Thanks to ESCP Europe's Research Centre for Energy Management's wide network in the academic and business communities, our views on energy news give you comprehensive insight into energy issues.
Please join us...
The global oil market and its leaders
2018 had seen oil prices buffeted by bullish and bearish influences with oil prices seesawing from $66.87 a barrel on the first day of the year, to a high of $87 in early November then slumping before Christmas to a disappointing $54.10.
Who gets what?
But there were other forces at play that significantly influenced the price of oil in 2018. These forces were personalities whose decisions, utterances and in some cases farsightedness impacted directly on oil prices and the global oil market and may equally do so in 2019 as well.
Within the European Union (EU), one of the key aspects of its energy strategy is to ensure the security of supply. This objective was introduced in the 2007 Lisbon Treaty, in its article 176A:
“The Union policy on energy shall aim, in a spirit of solidarity between Member States, to ... ensure security of energy supply in the Union” (1).
As a significant portion of the energy consumed in Europe is imported from Russia, it is crucial for the EU to reduce its dependency. The Lisbon Treaty vows to procure to the EU a roadmap to build a resilient energy network within its territory, as well as to diversify import channels.
The evolution of battery-powered vehicles
The coming of battery-powered cars has a long history. In 1799, the Italian Alessandro Volta established the scientific principles regarding storage of electricity in electrochemical form by putting two different types of metals—electrodes and the electrolytes—into contact, which led to the creation of the first electric cell. In 1859, the French physicist Gaston Planté developed the first acid battery. Electric vehicles (EVs) appeared with the advent of the automobile and accounted for one third of vehicles in the United States in the 1900s, before being displaced by more competitive internal combustion engines (ICEs) (1).
In recent years, there has been a rekindling of interest in EVs, as governments look to tackle carbon emissions from transportation sectors, contributing over 20% of total global emissions (2). The quest for energy independence and technological ownership are also factors driving government support for EVs (3). Norway and California have implemented subsidy programmes towards such ends. The United Kingdom and France have recently announced that they will ban the sale of fossil-fuel automobiles after 2040.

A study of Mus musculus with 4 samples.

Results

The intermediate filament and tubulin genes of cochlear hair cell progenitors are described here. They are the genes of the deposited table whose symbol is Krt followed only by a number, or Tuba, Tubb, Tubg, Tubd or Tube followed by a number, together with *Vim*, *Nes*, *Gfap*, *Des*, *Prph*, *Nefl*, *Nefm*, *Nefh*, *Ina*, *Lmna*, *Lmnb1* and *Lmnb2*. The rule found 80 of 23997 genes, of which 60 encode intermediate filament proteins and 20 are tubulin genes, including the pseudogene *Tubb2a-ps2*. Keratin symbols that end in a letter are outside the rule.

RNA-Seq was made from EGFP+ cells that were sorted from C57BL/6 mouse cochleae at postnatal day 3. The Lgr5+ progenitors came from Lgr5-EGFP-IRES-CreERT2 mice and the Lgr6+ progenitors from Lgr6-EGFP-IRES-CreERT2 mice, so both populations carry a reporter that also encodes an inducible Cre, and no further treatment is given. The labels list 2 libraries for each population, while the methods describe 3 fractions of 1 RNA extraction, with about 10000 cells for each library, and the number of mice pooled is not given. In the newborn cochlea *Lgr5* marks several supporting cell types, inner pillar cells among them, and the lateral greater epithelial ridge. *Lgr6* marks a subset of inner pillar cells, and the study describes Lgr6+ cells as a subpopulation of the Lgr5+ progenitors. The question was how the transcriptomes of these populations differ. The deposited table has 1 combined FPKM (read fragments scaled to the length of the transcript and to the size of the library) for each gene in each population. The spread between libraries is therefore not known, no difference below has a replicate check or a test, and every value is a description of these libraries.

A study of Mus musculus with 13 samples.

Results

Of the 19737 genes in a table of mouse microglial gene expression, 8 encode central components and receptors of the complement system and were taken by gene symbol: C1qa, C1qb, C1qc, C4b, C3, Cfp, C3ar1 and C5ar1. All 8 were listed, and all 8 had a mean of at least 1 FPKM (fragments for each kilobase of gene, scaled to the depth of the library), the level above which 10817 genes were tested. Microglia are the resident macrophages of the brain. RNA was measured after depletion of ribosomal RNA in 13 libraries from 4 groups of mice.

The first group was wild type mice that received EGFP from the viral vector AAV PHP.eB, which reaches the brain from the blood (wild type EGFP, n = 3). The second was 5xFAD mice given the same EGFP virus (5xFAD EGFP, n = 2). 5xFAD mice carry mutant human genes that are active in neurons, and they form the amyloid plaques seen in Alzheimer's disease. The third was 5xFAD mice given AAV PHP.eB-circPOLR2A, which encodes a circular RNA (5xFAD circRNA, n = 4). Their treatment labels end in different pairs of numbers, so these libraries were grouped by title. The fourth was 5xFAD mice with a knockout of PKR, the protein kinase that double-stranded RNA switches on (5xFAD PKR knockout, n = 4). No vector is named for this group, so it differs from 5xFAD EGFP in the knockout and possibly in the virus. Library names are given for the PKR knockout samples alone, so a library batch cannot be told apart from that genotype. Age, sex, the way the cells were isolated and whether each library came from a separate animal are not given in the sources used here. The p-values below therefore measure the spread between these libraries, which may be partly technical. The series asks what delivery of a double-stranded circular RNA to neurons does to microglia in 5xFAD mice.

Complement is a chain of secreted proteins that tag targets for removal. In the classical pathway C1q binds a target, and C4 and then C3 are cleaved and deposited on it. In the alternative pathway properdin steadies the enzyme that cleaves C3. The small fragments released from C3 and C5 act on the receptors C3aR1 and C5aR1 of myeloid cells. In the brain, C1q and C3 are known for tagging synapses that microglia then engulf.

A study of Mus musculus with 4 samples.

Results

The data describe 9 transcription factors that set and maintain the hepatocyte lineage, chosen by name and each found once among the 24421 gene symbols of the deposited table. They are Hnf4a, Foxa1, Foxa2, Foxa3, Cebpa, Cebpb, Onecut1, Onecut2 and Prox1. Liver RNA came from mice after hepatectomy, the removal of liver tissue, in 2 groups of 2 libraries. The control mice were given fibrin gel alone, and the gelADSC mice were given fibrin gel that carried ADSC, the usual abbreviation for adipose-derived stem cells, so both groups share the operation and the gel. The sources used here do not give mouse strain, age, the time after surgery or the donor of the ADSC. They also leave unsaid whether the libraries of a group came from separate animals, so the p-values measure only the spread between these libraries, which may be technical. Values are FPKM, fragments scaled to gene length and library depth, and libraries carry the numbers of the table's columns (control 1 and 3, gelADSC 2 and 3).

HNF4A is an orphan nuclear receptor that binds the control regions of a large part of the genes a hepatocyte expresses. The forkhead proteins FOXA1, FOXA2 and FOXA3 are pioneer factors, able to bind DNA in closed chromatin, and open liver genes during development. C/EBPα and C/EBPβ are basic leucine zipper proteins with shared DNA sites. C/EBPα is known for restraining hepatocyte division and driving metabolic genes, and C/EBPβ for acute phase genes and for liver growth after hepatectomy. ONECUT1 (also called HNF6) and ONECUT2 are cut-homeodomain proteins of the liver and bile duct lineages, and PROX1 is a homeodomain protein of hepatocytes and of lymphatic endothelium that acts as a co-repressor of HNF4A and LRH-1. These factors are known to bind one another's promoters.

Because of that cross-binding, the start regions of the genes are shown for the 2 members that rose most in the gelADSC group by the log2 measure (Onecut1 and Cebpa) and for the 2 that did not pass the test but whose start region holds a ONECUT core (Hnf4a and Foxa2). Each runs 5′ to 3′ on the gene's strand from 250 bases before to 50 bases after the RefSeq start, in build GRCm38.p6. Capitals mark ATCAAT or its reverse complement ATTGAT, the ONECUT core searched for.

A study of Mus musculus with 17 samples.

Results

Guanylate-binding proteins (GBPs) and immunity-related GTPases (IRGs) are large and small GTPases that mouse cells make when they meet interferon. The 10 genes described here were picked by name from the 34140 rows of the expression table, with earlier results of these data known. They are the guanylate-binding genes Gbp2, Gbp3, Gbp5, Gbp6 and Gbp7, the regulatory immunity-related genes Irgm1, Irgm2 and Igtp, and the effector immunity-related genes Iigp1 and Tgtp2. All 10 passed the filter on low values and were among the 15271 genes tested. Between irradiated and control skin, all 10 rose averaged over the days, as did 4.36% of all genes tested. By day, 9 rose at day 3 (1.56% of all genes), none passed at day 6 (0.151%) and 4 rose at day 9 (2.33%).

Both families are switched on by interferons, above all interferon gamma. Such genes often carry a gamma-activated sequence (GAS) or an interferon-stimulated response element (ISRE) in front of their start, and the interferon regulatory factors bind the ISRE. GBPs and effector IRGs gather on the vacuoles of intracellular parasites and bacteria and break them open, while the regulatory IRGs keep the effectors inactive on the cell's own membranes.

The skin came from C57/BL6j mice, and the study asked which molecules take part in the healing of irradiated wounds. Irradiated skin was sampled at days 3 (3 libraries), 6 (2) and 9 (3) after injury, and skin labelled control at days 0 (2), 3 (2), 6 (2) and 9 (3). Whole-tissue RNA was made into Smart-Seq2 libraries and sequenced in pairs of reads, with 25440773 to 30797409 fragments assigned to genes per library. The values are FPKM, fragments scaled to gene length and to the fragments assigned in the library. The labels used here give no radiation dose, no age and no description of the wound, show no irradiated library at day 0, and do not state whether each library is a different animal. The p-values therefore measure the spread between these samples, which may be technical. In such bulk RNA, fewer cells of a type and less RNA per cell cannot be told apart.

Last month Saudi Aramco hit the news when it was named as the world’s most profitable company with revenue of $224 bn, a net income of $111 bn and a free cash flow of $86 bn against a total debt of $27 bn in 2018.
There was a lot of fanfare about Saudi Aramco created by investment banks which benefited hugely from Saudi Aramco’s launch of a major bond issuance to help finance its acquisition of 70% stake in Saudi petrochemical Basic Industries Corporation (SABIC).
Despite efforts by John Bolton the hawkish neo-conservative National Security Adviser to President Trump and Israel’s Prime Minister Benjamin Natanyahu to push the United States to go to war with Iran, war is neither an option for Iran nor for the United States.
Iran is not seeking a war with the United States but it will retaliate if its crude oil exports were prevented from passing through the Strait of Hormuz. And while it will be virtually impossible to block the Strait completely, Iran can nevertheless mine it and wait for an oil tanker loaded with oil to hit a mine. That alone could deter oil tanker owners and insurance companies from sending their tankers across the Strait. Alternatively, Iran could threaten to sink an oil tanker. That could have the same effect like mining the Strait.